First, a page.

In 1919 a local woodcarver decided to give color and life to his local cemetery in Sapanta by creating a new type of 'tombstone'. Not a stone exactly, but rather a wooden cross that would stand over each grave and tell a story or share a short anecdote from the person's life. Some old and worn, some new with paint still glossy, some with pictures and words carved on both front and back, but all beauitful, colorful and full of humor, adding joy to a place usually associated with sorrow and earning the cemetery its name, the Merry Cemetery.
We couldn't help but notice that every woman pictured in her epitaph was either cooking, sewing or looking after the children. The men were cutting off pigs' heads, one was getting into a car accident, and most were pictured in their trade -- a pharmacist pouring medicine, a barber cutting hair and a shepard looking over his flock.
The Cemetery was filled with flowers, colors, pictures and children giggling at every picture. It was a place to come to smile, remember and realize what life is all about and that in the end things are truly simple, not complicated as they may seem.
After looking at every cross and taking way too many pictures we walked down the road looking for a place to set up our tent.
As we came to a little dirt road and passed some locals in their yard, we ducked low, tried to look as inconspicuous as possible and headed for the hills beyond their farm.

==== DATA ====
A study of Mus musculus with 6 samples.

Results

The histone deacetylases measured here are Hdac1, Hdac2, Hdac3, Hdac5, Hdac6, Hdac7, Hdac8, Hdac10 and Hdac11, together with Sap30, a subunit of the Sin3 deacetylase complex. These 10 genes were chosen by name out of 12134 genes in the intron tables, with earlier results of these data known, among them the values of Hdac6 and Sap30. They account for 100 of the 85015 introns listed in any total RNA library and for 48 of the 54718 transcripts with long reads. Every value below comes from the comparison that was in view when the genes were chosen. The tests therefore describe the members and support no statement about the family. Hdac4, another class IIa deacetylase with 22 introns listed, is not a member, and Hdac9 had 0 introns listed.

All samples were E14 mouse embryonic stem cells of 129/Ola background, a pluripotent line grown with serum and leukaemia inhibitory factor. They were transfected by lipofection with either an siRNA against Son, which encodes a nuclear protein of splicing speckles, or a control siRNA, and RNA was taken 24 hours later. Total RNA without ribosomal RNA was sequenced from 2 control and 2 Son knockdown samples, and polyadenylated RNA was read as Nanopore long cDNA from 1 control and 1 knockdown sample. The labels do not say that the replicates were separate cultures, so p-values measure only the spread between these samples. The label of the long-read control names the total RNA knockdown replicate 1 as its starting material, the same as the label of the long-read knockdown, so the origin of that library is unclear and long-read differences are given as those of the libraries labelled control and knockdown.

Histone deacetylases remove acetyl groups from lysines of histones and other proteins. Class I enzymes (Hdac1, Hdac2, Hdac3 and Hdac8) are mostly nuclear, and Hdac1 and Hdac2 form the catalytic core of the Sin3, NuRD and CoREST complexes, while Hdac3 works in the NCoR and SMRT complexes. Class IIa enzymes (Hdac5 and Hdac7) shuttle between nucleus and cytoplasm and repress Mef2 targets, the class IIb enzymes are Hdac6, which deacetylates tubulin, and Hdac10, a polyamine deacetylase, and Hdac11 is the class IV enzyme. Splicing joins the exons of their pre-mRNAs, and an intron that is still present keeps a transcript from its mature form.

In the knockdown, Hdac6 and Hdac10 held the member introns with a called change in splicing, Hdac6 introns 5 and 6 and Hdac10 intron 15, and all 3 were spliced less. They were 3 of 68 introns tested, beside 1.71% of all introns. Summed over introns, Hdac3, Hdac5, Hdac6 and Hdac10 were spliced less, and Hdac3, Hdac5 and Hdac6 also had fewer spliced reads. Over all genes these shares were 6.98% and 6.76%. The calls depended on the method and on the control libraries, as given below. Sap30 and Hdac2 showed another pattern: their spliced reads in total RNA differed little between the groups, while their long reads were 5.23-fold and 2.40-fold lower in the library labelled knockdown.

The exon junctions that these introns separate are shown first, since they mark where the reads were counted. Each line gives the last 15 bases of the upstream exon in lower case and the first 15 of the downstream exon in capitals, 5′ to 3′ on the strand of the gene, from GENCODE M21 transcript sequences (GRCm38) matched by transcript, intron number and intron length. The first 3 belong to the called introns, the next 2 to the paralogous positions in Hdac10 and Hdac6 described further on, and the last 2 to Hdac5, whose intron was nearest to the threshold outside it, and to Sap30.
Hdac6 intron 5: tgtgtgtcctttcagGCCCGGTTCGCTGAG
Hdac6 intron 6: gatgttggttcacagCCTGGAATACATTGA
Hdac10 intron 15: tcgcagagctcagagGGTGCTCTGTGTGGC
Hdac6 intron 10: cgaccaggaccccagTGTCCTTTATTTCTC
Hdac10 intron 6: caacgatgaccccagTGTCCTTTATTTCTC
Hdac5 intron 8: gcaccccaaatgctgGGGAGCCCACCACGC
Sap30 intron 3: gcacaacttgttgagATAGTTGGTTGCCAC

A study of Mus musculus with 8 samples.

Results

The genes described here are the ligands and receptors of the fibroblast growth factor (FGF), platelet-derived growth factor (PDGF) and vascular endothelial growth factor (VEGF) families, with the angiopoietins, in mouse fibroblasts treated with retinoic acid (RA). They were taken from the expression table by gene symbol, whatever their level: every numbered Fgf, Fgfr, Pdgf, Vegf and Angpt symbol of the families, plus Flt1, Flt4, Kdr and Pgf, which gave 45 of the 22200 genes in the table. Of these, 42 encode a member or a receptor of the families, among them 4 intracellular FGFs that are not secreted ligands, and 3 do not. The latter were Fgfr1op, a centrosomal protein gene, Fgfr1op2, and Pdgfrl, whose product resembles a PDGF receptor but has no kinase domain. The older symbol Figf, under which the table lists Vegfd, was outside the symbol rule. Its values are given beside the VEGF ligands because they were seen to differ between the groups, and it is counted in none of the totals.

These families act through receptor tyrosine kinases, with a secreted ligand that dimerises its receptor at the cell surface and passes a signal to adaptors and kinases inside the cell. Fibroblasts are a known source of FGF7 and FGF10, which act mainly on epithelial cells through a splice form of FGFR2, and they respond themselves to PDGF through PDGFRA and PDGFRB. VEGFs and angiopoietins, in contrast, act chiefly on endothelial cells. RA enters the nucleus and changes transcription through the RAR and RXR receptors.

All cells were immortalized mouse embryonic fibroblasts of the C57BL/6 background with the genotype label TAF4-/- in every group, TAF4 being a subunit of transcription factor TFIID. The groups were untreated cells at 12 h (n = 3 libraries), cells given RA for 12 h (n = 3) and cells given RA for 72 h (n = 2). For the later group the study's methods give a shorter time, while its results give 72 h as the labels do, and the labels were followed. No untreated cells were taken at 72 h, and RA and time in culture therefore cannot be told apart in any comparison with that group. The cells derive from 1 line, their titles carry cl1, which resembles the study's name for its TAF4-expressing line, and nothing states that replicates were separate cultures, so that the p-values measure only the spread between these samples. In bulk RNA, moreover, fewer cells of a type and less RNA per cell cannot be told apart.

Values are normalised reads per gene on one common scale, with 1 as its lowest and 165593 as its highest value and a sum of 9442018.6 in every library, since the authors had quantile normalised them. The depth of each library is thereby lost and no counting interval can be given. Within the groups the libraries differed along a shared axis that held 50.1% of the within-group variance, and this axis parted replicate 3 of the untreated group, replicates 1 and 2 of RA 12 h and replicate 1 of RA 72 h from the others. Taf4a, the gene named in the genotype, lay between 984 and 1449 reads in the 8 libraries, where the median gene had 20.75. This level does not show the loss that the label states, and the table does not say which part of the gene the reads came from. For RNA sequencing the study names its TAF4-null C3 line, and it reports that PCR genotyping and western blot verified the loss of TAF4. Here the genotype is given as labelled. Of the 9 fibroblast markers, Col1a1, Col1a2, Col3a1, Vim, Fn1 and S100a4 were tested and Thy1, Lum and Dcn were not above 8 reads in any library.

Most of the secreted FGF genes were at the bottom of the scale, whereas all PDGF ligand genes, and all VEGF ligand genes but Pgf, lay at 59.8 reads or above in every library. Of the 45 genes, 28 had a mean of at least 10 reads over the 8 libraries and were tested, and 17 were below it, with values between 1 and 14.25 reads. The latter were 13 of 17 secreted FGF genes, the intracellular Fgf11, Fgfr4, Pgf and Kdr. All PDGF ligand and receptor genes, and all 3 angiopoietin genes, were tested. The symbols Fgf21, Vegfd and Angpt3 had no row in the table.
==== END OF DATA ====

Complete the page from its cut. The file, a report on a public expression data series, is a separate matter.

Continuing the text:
Too late, they had spotted us. An older woman started to yell at us. We immediately thought, Oh no, we're in trouble again. Let's find another place. The entire family approached us and asked us what we were doing.
We stood there silent for a while and decided just to tell the truth.
Um, well, we are looking for a place to sleep, we said under our breath. The family smiled, replying, well don't go there, The Ukraine is right over there, 200 meters away. The border police will get you at night if you camp there! Come into our garden, you will be safer here.
Guidebooks always mention that you can ask locals to sleep on their land but when it comes right down to it, it's just too embarasssing with the language barrier and all the campsites and hotels around for tourists.
However, this family was more than happy to take us in and made sure to come over to our tent frequently to give us warm milk, chocolate cake or just to remind us, anything you want, please ask, anything at all, you are our guests.
We slept well that night and left early the next morning. Maciej was dying to just walk into The Ukraine or at least to get caught by the border police. The fact that those Cossacks were just meters away got his Polish blood boiling. Luckily we didn't have enough time for any more adventures and began the long walk for the bus stop. Within minutes two farmers rolling by in the back of their horsecart invited us to hop in. Sitting in the hay, we enjoyed the ride with the sunrise ahead and sound of hooves underneath.
It's true what they say. It's easy to get away from it all in Romania. Much of the country is caught in the ways of the past -- a simple life, a horse and cart, a smile on the face and a good heart, always ready to lend a helping hand.